With apologies to Martha Stewart – it’s a good thing.
Two data bits that are awesome and should help us to get better with the idea of e-books in libraries:
The Public Library Funding and Technology Access Study from ALA’s Office for Research and Statistics just released their 2009-10 statistics. Included in this report was U.S. public libraries providing access to ebooks – which was 65.9%
A sampling of the % of Libraries Providing E-Books In:
Note: Since e-books are listed in the Internet category we’re assuming these are books downloaded off the Internet from services like OverDrive, Safari, NetLibrary, Books 24×7, ebrary, and others. We’re trying to find out how these numbers and ones to come will count books downloaded once to a Kindle, iPad, nook, or other device and then loaned to many users.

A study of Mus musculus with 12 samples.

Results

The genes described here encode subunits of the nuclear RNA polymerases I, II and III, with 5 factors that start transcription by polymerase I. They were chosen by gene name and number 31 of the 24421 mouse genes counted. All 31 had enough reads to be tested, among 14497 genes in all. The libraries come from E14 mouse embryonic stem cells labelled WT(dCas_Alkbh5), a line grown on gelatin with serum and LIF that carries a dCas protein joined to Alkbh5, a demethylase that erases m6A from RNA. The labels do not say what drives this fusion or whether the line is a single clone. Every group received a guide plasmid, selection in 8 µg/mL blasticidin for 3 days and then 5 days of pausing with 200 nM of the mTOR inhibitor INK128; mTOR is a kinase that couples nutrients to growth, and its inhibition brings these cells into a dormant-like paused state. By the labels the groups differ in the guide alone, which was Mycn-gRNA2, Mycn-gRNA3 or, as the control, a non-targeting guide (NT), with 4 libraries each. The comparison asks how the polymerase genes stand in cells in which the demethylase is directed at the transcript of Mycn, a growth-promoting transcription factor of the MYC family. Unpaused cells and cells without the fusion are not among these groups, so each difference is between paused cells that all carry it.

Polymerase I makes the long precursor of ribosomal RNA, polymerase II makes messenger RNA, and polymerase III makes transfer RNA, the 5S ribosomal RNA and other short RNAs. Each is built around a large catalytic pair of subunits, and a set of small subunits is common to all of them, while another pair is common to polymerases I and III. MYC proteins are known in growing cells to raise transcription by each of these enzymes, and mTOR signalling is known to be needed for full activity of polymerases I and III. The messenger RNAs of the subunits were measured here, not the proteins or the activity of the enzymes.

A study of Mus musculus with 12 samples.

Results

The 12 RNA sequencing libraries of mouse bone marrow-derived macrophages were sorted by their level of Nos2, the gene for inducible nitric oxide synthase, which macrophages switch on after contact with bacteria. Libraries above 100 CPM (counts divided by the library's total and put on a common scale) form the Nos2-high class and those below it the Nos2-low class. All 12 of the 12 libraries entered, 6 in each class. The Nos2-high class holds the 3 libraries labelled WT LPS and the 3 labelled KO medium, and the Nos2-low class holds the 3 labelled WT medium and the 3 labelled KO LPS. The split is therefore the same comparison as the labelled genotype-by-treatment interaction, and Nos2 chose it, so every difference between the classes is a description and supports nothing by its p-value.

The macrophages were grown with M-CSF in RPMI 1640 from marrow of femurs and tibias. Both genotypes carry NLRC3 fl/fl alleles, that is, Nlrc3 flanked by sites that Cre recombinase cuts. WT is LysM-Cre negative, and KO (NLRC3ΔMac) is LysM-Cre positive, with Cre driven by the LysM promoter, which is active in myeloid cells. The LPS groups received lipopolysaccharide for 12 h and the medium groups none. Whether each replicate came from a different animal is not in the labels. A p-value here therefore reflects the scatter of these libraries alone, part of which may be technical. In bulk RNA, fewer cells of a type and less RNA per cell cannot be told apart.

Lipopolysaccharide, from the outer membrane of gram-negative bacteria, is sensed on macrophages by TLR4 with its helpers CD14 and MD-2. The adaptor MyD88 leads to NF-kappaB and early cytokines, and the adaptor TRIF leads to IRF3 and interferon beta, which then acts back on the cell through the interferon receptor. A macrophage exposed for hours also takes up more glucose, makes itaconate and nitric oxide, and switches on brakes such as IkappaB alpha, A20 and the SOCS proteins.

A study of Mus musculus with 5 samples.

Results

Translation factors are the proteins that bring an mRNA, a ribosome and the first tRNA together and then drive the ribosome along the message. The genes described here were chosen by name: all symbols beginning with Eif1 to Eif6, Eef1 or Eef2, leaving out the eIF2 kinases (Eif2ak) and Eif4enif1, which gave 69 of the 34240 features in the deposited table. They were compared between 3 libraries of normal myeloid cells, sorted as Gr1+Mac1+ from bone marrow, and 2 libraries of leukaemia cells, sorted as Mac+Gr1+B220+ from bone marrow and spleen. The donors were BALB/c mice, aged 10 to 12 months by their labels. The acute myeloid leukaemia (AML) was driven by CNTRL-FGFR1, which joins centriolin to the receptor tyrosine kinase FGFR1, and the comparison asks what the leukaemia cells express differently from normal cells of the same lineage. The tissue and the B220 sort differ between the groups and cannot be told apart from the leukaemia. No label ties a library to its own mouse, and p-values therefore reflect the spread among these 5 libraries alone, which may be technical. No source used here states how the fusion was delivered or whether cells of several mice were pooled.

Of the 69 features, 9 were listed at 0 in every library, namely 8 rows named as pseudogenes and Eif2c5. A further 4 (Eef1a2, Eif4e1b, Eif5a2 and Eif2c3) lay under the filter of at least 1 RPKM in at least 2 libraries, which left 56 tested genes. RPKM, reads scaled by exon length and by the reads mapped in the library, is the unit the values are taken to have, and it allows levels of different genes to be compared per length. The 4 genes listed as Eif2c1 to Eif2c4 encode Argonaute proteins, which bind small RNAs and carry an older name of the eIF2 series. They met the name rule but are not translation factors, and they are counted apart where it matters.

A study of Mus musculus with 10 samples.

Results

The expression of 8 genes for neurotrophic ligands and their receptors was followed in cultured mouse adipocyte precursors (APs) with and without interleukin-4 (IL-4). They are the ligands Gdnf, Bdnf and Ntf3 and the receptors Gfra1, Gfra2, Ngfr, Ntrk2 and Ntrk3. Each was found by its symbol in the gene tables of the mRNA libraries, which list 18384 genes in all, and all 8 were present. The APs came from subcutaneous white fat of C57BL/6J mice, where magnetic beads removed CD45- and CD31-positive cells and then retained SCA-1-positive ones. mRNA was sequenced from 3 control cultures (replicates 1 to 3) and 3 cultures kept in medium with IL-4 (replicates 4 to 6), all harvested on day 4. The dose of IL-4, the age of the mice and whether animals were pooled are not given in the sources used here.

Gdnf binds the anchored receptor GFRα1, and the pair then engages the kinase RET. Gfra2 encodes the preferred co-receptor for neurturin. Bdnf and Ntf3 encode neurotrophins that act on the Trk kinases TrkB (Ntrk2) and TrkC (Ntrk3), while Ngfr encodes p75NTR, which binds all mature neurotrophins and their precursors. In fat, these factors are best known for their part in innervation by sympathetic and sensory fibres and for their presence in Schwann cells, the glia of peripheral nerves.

Thanks to Resource Shelf for this information.
According to the Vancouver Sun the Vancouver Public Library is riding a wave of new memberships, and this is due, at least in part, to ebooks.
The library has seen 60K new memberships in 2008 – 2009, up from 42,000 the previous year. The library attributes the increase to the new popularity of ebooks.
“It’s one of our fastest-growing branches — the virtual library,” Kavanagh said, adding that the library’s website usage is up 20 per cent for 2010. “The e-books in particular, we think have really made a difference.” … Deb Hutchison Koep, deputy director of the West Vancouver library, said Stephenie Meyer’s Breaking Dawn (the latest in the Twilight series) has five e-book copies with eight holds, but of the seven print copies at the library, two are on the shelf.
The library uses PDFs and Epubs. Lots more information in the article.”
Sooooo, e-books can be an awesome way to drive people to the library – erh – the library website. And I know the same applies to audiobooks – for commuters in particular.
Time for a great marketing campaign.